6.9/10
19,521
141 user 104 critic

The Importance of Being Earnest (2002)

In 1890s London, two friends use the same pseudonym ("Ernest") for their on-the-sly activities. Hilarity ensues.


(play), (screenplay)



Cast overview, first billed only:
Pew Opener
Christina Robert ...

Two young gentlemen living in 1890's England use the same pseudonym ("Ernest") on the sly, which is fine until they both fall in love with women using that name, which leads to a comedy of mistaken identities... Written by arson83

Plot Summary | Add Synopsis

Taglines:

Everybody Loves Ernest... But Nobody's Quite Sure Who He Really Is.

Genres:

Comedy | Drama | Romance

Motion Picture Rating (MPAA)

Rated PG for mild sensuality | See all certifications »

Parents Guide:


Official Sites:




21 June 2002 (USA)  »

Also Known As:

Ernst sein ist alles  »

Box Office

Budget:

$15,000,000 (estimated)

Opening Weekend:

$500,447 (USA) (24 May 2002)

Gross:

$8,378,141 (USA) (27 September 2002)


Runtime:

Sound Mix:

Color:

(Technicolor)

Aspect Ratio:

2.35 : 1

Trivia

The scenes where Rupert Everett slaps Colin Firth on his rear end and where Everett kisses Firth's cheek were ad libs. Director Oliver Parker thought Firth's stunned reaction was so humorous he decided to leave them in. See more »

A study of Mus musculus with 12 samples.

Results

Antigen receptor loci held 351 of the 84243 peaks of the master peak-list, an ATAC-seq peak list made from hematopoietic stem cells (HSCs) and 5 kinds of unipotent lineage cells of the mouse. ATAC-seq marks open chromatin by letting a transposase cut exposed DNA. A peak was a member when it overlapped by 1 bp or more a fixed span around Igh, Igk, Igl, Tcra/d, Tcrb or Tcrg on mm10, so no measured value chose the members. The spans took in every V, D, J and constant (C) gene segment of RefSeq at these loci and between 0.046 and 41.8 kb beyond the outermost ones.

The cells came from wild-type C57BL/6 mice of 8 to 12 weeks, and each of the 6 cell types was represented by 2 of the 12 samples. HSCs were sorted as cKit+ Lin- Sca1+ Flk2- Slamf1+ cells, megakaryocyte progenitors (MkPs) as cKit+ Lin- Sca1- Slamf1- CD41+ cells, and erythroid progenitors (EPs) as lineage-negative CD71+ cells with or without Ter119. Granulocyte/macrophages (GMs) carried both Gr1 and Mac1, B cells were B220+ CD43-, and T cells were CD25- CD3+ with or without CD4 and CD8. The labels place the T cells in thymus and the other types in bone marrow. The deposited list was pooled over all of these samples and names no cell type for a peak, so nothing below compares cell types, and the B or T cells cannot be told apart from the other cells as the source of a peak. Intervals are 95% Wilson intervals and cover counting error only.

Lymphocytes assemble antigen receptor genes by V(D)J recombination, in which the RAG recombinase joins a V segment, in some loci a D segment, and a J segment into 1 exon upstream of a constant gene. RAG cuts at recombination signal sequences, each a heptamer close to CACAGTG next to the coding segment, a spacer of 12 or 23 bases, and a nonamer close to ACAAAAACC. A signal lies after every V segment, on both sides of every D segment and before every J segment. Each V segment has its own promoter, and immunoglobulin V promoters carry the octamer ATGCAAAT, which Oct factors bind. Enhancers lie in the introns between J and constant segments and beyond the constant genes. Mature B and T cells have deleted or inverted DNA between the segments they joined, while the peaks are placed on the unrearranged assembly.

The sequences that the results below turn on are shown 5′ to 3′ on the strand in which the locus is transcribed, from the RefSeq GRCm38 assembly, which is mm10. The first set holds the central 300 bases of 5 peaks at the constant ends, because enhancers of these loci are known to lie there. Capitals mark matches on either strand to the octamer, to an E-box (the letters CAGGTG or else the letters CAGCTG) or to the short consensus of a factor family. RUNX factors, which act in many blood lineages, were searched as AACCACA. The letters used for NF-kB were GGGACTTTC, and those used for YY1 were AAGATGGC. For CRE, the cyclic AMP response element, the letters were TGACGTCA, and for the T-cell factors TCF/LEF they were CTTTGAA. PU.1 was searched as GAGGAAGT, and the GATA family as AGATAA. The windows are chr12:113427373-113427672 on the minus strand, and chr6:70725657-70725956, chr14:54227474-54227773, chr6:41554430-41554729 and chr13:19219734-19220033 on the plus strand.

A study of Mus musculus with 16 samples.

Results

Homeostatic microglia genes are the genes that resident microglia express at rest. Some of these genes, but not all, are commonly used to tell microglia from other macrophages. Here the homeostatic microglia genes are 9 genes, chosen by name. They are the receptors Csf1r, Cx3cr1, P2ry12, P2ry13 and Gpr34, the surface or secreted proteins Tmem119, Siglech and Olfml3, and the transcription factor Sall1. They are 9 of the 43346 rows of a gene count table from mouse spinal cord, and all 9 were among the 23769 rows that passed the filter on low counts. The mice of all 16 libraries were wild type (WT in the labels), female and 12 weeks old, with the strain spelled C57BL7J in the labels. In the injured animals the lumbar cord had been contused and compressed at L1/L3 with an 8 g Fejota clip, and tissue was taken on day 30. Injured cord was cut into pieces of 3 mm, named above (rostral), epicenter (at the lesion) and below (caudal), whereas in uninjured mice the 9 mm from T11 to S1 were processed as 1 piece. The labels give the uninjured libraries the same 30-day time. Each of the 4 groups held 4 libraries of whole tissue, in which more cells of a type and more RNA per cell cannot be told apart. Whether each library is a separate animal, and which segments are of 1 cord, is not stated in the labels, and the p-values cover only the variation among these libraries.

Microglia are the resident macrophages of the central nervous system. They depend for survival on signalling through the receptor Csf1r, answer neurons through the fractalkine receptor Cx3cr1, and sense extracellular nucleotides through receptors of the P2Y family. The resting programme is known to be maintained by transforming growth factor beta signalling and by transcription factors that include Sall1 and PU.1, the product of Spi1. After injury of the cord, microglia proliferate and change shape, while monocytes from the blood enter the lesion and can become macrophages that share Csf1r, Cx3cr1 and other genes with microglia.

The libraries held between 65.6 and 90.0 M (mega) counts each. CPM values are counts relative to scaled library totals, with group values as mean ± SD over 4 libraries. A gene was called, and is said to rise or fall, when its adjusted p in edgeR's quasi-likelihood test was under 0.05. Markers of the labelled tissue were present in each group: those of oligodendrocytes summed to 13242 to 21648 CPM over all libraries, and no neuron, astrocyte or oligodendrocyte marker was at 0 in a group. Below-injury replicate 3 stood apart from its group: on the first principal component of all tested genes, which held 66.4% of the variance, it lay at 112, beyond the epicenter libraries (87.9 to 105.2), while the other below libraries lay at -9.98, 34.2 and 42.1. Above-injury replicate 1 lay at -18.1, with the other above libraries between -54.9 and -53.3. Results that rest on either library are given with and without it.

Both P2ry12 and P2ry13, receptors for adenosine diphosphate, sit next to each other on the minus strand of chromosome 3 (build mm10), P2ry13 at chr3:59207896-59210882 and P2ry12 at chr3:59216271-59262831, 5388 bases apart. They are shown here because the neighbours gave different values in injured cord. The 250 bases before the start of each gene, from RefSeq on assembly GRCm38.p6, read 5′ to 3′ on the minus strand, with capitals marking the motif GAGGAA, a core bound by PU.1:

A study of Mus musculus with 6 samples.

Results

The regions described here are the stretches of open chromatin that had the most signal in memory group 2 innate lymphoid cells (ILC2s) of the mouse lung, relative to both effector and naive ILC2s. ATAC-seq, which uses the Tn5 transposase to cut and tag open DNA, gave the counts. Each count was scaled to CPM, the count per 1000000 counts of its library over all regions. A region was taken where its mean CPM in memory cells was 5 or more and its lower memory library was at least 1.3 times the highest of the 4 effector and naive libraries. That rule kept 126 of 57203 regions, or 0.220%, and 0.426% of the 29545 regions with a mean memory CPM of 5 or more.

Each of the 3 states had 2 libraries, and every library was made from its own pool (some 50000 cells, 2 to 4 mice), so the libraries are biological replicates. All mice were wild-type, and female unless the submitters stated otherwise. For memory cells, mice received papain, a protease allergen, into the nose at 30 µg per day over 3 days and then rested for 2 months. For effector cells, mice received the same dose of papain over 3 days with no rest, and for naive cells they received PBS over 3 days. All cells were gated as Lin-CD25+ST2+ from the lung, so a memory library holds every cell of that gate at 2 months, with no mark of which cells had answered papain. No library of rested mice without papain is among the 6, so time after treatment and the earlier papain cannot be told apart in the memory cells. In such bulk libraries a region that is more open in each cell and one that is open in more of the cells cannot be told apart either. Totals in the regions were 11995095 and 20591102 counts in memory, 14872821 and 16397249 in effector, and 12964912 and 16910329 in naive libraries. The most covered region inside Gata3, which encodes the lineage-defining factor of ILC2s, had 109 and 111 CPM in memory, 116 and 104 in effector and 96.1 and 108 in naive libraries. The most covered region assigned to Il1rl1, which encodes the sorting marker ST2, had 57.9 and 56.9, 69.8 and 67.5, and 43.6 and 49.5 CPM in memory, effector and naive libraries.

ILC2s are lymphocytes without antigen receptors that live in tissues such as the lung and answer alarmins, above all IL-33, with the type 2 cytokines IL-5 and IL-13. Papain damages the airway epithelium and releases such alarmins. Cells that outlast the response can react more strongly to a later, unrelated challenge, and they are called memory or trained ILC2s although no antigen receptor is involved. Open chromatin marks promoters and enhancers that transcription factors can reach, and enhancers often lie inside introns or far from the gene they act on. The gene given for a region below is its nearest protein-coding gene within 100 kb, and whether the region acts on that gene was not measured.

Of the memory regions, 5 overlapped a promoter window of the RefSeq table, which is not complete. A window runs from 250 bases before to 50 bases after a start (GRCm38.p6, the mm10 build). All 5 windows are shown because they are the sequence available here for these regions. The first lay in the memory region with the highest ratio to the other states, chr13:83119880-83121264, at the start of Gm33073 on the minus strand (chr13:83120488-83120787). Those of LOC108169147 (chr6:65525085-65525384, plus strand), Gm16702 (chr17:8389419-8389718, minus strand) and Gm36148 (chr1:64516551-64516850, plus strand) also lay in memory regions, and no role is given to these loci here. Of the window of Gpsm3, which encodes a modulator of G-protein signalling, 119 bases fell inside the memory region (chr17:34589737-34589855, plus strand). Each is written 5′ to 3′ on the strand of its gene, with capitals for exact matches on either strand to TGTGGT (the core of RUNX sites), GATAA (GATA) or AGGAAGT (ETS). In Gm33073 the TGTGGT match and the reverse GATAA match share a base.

Goofs

In the scene where Algy comes upon his servants playing music together, the banjo shown is a modern "bluegrass style" banjo with 5 strings and a resonator. At the time this movie was set, the banjo was a popular instrument, but it would have been the 4 string, open backed type. See more »

Quotes

Lady Bracknell: To lose one parent, Mr. Worthing, may be regarded as a misfortune. To lose both looks like carelessness.
See more »

Crazy Credits

After the funeral for Bunbury, Colin Firth's Earnest is seen getting a tattoo of "Gwendolyn" on his posterior See more »

Connections

Version of The United States Steel Hour: Who's Earnest? (1957) See more »

Soundtracks

Lady Come Down
Music written by Charlie Mole
Lyrics by Oscar Wilde
Performed by Colin Firth and Rupert Everett
Courtesy of Fragile Music Ltd.

 
What were they thinking?
25 September 2002 | by (USA) – See all my reviews

I understand that this play has already been filmed several times before, the best perhaps being the 1952 version. However, the liberties taken for this adaptation with flow and characterization were beyond what I could enjoy. A previous comment mentioned that the words were virtually uncut, but I beg to differ. With a running time of slightly over 1 1/2 hours, there was far too much cut. I don't believe I've ever seen a production that was shorter than 2 hours. I can never really understand how people can laud a playwright and then change his/her work. If you really think that Wilde holds up well today, why the need to "fix" his plays? And then there's the flashback at the end of the film involving Lady Bracknell that was way over the top. P-lease.